How to View Internet Explorer Sites on a Mac

Safari can mimic many types of browsers

Man drinking coffee in an outdoor cafe browsing the internet.

Internet Explorer, sometimes referred to as IE, was once the most dominant web browser used on the Internet. Safari, Google Chrome, Edge, and Firefox would later cut into that dominant position, offering faster browsers with better security that were built on standards that produced an open web platform.

In the early years of developing IE, Microsoft imbued it with proprietary features that were used to differentiate the IE browser from others. The result was that many web developers created websites that relied on Internet Explorer’s special features to operate correctly. When these websites were visited with other browsers, there was no guarantee they would look or act as intended.

Thankfully, web standards, as promoted by the World Wide Web Consortium (W3C), have become the gold standard for both browser development and website building. But there are still many websites out there that were originally built to work only, or at least best, with specific browsers, such as Internet Explorer.

Here are the ways you can view and work with just about any website designed for specific browsers, including IE, Edge, Chrome, or Firefox, on your Mac.

Alternative Browsers

Firefox Quantum
One of the many alternate browsers may do a better job rendering some sites. Screen shot courtesy of Coyote Moon, Inc.

Most computer users have a preferred browser; for Mac users, this is usually Safari, but there’s no reason why you shouldn't have multiple browsers installed. Having additional browsers won’t adversely affect the performance of your computer or your default browser. What it will do is give you the option to view a troublesome website in a different browser, and in many cases, this is all that needs to be done to view a website that’s causing issues.

The reason this works is because in the past, web developers would target a specific browser or a specific operating system when they built their websites. It wasn’t that they wanted to keep people away, it was just that with so many different types of browsers and computer graphics systems available, it was difficult to predict how a website would look from one platform to another.

Using a different web browser may allow the website in question to look correct; it can even cause a button or field that refused to show up in one browser to be in the proper place in another.

Some browsers worth installing on your Mac:

Firefox Quantum

Google Chrome


Safari User Agent

Safari's hidden Develop menu
Use Safari's hidden Develop menu to change user agents. Screen shot courtesy of Coyote Moon, Inc.

Safari has a hidden menu that provides a wide range of specialized tools and utilities used by web developers. Two of these tools can be very helpful when trying to view non-cooperating websites. But before you can make use of them, you need to Enable Safari's Develop Menu.

Safari User Agent
Safari allows you to specify the user agent code that is sent to any website you’re visiting. It’s the user agent that tells the website which browser you’re using, and it’s the user agent that the website uses to decide if it will be able to serve up the webpage correctly for you.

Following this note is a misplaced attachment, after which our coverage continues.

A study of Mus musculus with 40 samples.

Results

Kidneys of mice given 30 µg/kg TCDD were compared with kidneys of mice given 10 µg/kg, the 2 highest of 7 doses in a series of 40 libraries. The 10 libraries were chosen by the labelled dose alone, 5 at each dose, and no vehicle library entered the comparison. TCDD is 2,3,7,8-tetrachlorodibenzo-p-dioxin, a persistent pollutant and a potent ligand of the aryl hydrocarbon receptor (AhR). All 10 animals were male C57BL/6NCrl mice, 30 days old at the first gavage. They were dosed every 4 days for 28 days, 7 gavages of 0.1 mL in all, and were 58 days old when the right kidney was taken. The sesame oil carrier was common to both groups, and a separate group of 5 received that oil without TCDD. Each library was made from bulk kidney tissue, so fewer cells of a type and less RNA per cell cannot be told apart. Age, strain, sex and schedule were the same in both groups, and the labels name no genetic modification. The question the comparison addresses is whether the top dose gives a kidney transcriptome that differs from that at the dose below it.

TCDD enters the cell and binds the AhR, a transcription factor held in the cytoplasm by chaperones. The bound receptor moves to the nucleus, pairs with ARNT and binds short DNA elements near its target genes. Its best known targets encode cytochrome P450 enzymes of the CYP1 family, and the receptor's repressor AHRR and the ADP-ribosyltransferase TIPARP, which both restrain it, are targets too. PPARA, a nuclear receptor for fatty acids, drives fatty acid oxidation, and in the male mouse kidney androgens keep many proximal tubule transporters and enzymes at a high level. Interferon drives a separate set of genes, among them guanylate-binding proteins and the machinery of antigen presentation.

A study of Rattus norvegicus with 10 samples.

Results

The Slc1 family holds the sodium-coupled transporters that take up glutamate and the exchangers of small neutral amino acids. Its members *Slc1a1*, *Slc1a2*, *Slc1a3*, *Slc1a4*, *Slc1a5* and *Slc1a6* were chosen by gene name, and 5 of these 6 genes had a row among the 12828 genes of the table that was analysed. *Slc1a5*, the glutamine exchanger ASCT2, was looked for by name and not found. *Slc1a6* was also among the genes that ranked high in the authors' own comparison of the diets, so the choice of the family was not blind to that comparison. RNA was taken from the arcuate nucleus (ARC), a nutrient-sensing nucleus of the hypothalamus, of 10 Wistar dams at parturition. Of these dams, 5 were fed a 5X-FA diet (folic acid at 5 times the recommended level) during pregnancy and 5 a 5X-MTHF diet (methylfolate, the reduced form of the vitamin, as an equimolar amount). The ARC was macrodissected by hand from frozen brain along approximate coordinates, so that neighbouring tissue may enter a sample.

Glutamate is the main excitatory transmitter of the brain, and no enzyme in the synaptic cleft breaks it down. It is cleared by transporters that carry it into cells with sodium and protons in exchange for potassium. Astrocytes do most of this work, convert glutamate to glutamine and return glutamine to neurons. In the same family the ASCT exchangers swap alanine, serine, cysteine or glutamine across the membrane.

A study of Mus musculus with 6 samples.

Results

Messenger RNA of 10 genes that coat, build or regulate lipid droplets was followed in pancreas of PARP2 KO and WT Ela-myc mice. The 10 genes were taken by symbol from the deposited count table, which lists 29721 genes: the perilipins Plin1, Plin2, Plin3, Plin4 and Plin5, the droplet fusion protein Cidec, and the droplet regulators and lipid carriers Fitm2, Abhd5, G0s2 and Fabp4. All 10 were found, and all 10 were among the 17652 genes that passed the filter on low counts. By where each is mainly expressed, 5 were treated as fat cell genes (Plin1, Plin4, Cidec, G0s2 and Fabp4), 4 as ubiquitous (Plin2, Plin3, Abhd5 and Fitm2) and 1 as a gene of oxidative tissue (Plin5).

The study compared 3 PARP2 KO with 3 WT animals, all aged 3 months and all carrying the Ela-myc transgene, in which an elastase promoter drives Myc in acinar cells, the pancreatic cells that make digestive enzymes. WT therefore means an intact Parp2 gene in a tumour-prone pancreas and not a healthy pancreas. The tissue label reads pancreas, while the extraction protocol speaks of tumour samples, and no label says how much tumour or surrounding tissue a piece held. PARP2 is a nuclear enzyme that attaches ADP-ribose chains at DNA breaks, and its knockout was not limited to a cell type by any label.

If you’ve ever encountered a website that remains blank, doesn’t seem to load, or produces a message saying something along the lines of, This website is best viewed with <insert browser name here> then you may want to try changing Safari's user agent.

  1. From Safari's Develop menu, select the User Agent item. The list of available user agents displayed will allow Safari to masquerade as Firefox, Google Chrome, Internet Explorer, Microsoft Edge, even iPhone and iPad versions of Safari.
  2. Make your selection from the list. The browser will reload the current page using the new user agent.
  3. Don’t forget to reset the user agent back to the Default (Automatically Chosen) setting when you’re done visiting the website.

Safari Open Page With Command

Safari's Develop menu
Use Safari's Develop menu to open a website in an alternate browser. Screen shot courtesy of Coyote Moon, Inc.

Safari's Open Page With command allows you to open the current website in a different browser. This is actually no different than manually launching a different installed browser, and then copy-pasting the current website URL into the newly opened browser.

Open Page With just takes care of the entire process with a simple menu selection.

  1. To use the Open Page With command you’ll need access to the Safari Develop menu, as linked to in Item 2, above.
  2. From the Safari Develop menu, select Open Page With. A list of browsers installed on your Mac will be displayed.
  3. Select the browser you wish to use.
  4. The selected browser will open with the current website loaded.

Use Internet Explorer or Microsoft Edge on Your Mac

Microsoft Edge browser
You can use a virtual machine to run Windows and the Edge browser on your Mac. Screen shot courtesy of Coyote Moon, Inc.

If all else fails, and you absolutely must access the website in question, then the last course to try is to use IE or Edge running on your Mac.

Neither of these Windows-based browsers is available in a Mac version, but it’s possible to run Windows on your Mac, and gain access to either of the popular Window browsers.

For complete details on how to set your Mac up to run Windows, take a look at: The 5 Best Ways to Run Windows On Your Mac.